Cloney put together the best performance of his career against one of the most dangerous offenses in college baseball, moving his team to within one win of a national championship.

Bruce Thorson-USA TODAY Sports

The day after Jay Johnson was introduced as Arizona's new head baseball coach during a press conference last June, he packed up and headed to California to recruit JUCO pitcher J.C. Cloney.

"I just thought it was important to get to him because I felt like it was realistic of him showing up," Johnson told before Cloney took the mound in the opening game of the College World Series Finals against Coastal Carolina. "I thought he could be a key piece to what we were doing—and we're not here without him. So he was the No. 1 priority."

Cloney proved he was worth the trip on Monday night, shutting out one of the most dangerous offenses in all of college baseball with a 3-0 complete game victory that moves the Wildcats to within one win of a national championship.

Ten of the last 13 teams to win the opening game of the national championship series went on to lift the trophy. Seven of those teams wrapped the series up in two games, a feat Arizona will attempt to achieve on Tuesday night in Game 2.

Shutting out Coastal Carolina is no small feat, mind you. This is a club that leads the country in home runs and came into Monday night averaging over 7.2 runs per game. Their offense had been blanked just once all season, and that was in the first week of March.

Part of that, of course, can be attributed to the notoriously pitcher-friendly confines of the ballpark. After regional and super regional rounds that crushed the home record for the modern bat era, we've seen just nine balls get over the deep outfield walls of TD Ameritrade in 126 innings. Pair that with wind that typically blows in and thick outfield grass that all but kills the odds of rolling a gapper to the wall, and scoring as a whole has been historically low: the 6.6 combined runs per game is the lowest output in Omaha history.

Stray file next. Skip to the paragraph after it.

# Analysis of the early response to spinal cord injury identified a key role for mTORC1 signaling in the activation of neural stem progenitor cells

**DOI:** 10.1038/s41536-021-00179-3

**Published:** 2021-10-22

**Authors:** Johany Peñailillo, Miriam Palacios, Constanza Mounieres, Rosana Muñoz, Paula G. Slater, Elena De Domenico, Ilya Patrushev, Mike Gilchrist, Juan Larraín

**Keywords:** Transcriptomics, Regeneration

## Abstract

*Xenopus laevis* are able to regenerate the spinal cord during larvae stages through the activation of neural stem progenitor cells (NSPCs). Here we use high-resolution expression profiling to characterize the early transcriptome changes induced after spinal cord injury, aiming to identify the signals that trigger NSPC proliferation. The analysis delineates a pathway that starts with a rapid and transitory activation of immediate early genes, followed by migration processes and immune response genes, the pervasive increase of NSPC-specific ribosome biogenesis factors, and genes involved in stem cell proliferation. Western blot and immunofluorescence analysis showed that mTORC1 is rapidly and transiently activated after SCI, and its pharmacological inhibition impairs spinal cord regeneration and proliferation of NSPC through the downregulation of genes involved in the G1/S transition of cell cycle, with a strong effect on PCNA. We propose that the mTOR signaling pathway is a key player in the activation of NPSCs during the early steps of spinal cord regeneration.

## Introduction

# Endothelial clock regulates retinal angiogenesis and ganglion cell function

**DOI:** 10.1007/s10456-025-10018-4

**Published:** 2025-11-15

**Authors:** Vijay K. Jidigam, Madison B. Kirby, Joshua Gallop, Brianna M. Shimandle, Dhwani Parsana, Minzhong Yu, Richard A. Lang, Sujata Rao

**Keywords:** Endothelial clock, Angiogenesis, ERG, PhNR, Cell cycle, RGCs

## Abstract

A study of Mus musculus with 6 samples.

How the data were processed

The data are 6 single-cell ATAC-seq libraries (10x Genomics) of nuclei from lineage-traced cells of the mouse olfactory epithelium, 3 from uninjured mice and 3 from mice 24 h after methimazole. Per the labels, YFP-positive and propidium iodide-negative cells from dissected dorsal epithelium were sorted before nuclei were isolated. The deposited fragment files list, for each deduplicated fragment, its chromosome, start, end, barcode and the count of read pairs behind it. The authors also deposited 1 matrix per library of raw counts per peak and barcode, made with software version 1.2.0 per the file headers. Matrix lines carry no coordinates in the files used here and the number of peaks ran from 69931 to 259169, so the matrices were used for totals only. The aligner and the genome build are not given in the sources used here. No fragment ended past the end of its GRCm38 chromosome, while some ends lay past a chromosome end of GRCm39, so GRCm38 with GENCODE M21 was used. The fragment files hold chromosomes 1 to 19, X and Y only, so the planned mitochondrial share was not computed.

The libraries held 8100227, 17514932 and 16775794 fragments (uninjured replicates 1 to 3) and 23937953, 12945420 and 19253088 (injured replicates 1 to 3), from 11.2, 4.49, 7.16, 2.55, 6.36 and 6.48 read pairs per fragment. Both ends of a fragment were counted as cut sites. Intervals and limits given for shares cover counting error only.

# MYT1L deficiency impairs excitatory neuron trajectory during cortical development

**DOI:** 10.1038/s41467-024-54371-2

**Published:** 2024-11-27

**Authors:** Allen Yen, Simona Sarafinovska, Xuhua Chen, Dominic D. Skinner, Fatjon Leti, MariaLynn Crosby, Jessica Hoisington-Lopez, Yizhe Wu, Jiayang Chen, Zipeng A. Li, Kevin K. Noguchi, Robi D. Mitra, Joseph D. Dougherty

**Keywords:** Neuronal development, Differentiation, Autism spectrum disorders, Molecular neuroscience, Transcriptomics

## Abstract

But to chalk up Coastal's offensive struggles to deep walls and a high mower setting would be to cheapen Cloney's incredible performance. Aside from a couple of warning track shots in the eighth inning (one of which was admittedly about two feet from leaving the yard), there were virtually no well-hit balls off Coastal's powerful bats. On a rare night in which the wind was blowing out, Clowney pounded the bottom of the zone and forced groundout after groundout, which were vacuumed up by a brilliantly positioned defense.

The Arizona infielders, who trot out of the dugout with scouting cards on each opposing hitter, shift on nearly every at-bat. The strategy worked to near perfection on Monday night, when it seemed like everything off the bat of a Coastal hitter beelined to a shifted fielder. It's a credit to first-year coach Jay Johnson and his staff, who have taken advantage of the televised postseason games and put in long hours mapping out spray charts.

Cloney allowed just four hits, walked only two and struck out six. It's his second win of the College World Series, having blanked UC Santa Barbara over seven frames during last week's elimination game win. Through 16 innings in Omaha, Cloney hasn't allowed a single run.

Coastal's Zack Hopeck wasn't too shabby himself, shaking off a rough start to allow two runs on five hits over a career-long 6.1 innings of work. His very first pitch of the game was a double off the bat of Cody Ramer, who two batters later came around to give Arizona a 1-0 first-inning lead. A leadoff single and double to begin the third had Hopeck on the ropes, but he wiggled out of the jam with no damage done and cruised for the next three frames.

A leadoff single in the sixth followed by a sac bunt sent Hopeck to the dugout and brought on reliever Cole Schaefer, who promptly issued a wild pitch and a walk. A poor relay on a sac fly and single brought in two more Arizona runs and provided the final margin of victory.